Klamath Dams Removal, Trout Genetics, and ODFW Management

A very nice “Cascades Rainbow” from 2019, bigger than most steelhead I’ve caught on the Deschutes.

A portion of the revenue from every fishing license goes into ODFW’s Restoration & Enhancement program, funds that are to be spent on projects that benefit anglers.  Spending is controlled by an independent board where I have been a member for over 6 years.  By statute, most dollars are spent on hatcheries and related projects, but we support other efforts as well, including some pure research.  Research projects are a small proportion of the total as they typically do not show direct and immediate angler benefit, but we may fund them if we can see a longer term benefit. 

Last week I saw the results of one such research project and believe there could be clear angler benefit.  If you are at all interested in the impending removal of the four impassable dams on the Klamath River (the largest dam removal project in US history), love fishing in the Klamath Basin as I do, want to see the reintroduction of anadromous species in the Upper Klamath Basin, and are sometimes frustrated with ODFW, then you should read on.

Oregon State University is the home of the State Fisheries Genomics Lab which conducts genetics research to help with the formulation of science-based policy.  Stanley Piotrowski is working on his master’s degree in Fisheries Science and is analyzing the genetics of Klamath River Basin trout, both in the upper basin in Oregon and the lower basin in California.  ODFW’s R&E board funded this research, and I was invited to watch his thesis defense online last week, titled “Characterizing Neutral and Adaptive Genetic Diversity of Rainbow and Redband Trout in the Klamath Basin Before Dam Removal.”

It is important to note that while I read scientific research and frequently talk to fish biologists, I am not a scientist.  While I am confident in my understanding of the broad outline of Stanley’s talk, I have no idea how to interpret some of the detailed genomic data.  I look forward to his thesis being published and made available on the Genomics Lab website.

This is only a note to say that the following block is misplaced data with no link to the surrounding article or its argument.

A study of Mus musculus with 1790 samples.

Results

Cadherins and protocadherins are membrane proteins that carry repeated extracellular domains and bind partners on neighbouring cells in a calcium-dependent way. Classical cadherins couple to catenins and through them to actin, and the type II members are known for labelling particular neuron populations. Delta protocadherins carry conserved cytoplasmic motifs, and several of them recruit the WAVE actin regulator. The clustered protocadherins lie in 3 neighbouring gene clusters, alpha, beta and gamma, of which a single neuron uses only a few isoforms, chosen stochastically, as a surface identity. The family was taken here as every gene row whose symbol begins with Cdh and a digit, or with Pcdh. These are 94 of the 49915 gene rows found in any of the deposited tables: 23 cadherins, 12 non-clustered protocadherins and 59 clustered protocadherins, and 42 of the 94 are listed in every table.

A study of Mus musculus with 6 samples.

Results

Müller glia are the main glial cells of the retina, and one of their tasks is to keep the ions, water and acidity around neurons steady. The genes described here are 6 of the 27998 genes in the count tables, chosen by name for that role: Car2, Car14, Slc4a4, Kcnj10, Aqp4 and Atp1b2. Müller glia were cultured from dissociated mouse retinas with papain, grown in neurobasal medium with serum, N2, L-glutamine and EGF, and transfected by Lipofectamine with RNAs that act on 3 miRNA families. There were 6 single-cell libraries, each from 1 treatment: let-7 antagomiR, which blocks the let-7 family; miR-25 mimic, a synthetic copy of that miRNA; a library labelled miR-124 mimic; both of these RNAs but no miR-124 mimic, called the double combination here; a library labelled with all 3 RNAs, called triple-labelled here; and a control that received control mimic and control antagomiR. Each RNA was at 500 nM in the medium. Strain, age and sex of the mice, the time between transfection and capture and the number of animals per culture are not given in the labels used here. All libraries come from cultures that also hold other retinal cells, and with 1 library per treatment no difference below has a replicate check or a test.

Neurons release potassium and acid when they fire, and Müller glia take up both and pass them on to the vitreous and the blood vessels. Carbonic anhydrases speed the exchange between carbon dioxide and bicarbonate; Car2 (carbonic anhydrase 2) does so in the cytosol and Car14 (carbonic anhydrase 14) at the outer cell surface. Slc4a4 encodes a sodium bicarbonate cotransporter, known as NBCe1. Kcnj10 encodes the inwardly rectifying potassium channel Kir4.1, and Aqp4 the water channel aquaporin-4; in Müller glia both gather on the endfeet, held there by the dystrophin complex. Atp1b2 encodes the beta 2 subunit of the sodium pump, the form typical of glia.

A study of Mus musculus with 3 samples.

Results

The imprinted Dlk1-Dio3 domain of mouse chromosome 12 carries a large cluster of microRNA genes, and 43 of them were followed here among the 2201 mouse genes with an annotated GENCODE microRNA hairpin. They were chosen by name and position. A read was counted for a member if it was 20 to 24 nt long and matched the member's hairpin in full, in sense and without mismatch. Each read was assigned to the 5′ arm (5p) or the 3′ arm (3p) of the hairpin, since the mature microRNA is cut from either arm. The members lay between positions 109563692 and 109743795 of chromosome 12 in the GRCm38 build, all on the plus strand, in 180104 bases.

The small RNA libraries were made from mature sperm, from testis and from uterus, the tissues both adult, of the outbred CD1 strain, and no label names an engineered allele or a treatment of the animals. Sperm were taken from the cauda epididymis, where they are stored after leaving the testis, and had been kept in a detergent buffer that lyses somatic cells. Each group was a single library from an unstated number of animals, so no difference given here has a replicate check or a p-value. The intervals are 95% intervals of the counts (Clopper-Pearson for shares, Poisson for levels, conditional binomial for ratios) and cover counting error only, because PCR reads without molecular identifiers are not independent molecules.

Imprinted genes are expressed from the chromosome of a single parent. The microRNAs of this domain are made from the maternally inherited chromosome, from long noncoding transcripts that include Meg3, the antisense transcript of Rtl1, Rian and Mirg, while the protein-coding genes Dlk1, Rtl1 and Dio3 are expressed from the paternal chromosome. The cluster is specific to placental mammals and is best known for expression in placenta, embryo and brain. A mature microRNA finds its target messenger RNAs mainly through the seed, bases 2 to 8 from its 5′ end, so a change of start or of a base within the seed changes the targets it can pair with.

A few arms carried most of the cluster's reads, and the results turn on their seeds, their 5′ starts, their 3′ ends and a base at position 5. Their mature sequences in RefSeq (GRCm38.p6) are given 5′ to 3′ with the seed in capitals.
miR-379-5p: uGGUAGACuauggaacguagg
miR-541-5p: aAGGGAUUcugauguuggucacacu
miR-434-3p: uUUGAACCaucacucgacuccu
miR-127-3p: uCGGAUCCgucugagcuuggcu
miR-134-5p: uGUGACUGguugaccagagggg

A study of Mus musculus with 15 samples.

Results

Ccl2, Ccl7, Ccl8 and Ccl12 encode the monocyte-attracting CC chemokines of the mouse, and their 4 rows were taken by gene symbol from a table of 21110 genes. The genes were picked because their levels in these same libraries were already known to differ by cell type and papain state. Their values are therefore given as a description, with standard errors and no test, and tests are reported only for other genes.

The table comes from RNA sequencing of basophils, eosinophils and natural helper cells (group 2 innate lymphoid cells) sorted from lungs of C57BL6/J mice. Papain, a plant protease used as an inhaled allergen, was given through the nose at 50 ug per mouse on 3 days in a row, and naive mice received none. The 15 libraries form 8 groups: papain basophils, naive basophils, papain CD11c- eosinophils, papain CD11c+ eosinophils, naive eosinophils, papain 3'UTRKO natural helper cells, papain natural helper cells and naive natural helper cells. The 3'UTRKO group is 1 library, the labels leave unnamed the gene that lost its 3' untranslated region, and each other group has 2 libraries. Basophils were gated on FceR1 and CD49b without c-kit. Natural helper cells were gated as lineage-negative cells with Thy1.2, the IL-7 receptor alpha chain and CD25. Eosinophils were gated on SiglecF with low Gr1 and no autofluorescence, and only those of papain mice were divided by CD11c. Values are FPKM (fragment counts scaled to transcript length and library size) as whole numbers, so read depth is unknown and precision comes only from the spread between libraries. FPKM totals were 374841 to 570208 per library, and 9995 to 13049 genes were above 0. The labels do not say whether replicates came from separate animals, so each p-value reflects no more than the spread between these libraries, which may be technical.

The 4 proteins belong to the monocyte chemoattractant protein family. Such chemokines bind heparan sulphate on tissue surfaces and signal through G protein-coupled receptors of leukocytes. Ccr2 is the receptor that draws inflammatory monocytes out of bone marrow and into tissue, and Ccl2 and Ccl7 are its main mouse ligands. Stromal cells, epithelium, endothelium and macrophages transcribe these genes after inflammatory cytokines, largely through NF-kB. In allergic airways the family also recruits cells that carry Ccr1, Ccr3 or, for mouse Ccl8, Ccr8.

At the broadest level, Stanley confirmed what most would assume.  While all rainbow and redband trout in the Klamath Basin are genetically similar, there are subpopulations in various watersheds.  Some of these are distinct while others are a mixture.  A few of these subgroups are the result of geographic isolation, for example in the Upper Williamson River above an impassable waterfall, while others are not.  Williamson and Wood River fish share distinct genetic traits while nearby Sprague River fish are a mix of different subpopulations.

Most importantly for this post, “Cascade rainbows” have important genetic markers not substantially present in inland redbands.  Klamath Lake is fed by springs and streams that drain off the east side of the Cascades into the western part of the lake.  Conversely, it is also fed by more inland waters flowing into the eastern part of the lake.

While it is unknown precisely why some rainbow and redband trout become anadromous, previous studies have identified a set of genes typically present in steelhead.  Trout with these markers will not necessarily migrate to the ocean if given the opportunity, but they have the genetics to do so.  Of all the trout populations in the Upper Klamath Basin, those markers are overwhelming found in the Cascade rainbows.  Clearly, this makes these fish quite valuable to the reintroduction process following dam removal.

While I live outside of Bend, for over a decade I have extensively explored and fished the entire Upper Klamath Basin and east into the Great Basin.  During the summer and early fall it is my home away from home and I have become competent fishing there.  One of my favorite targets are the Casacade rainbows, which can be even larger than the already huge redbands in places like the Wood and lower Williamson.

Upper Klamath Basin trout are declining in numbers, however, at least due in part to the decade-long drought conditions in this region.  To better protect these fish, last fall the ODFW Commission approved angling regulation changes for the Williamson and Sprague Rivers as well as Agency Lake (part of Upper Klamath Lake).  During public testimony as a private citizen, not a R&E board member, I voiced support for these changes and suggested that catch and release rules should also be applied to a quite small section of one east-side creek which is probably the single most important spawning ground for the entire Cascade rainbow population.  Currently, this area is open to harvest.

I have been a supporter of, and volunteer for, ODFW for many years but at the Commission meeting senior ODFW management dismissed my request. They stated that these fish on their spawning grounds did not need additional protection, that I was being elitist, and that anglers should have their “choice of protein”. (They really said these things.)

Now, perhaps, it will not be so elitist to ask for some additional minimal protection for the group of trout most likely to revert to anadromy in the Upper Klamath Basin.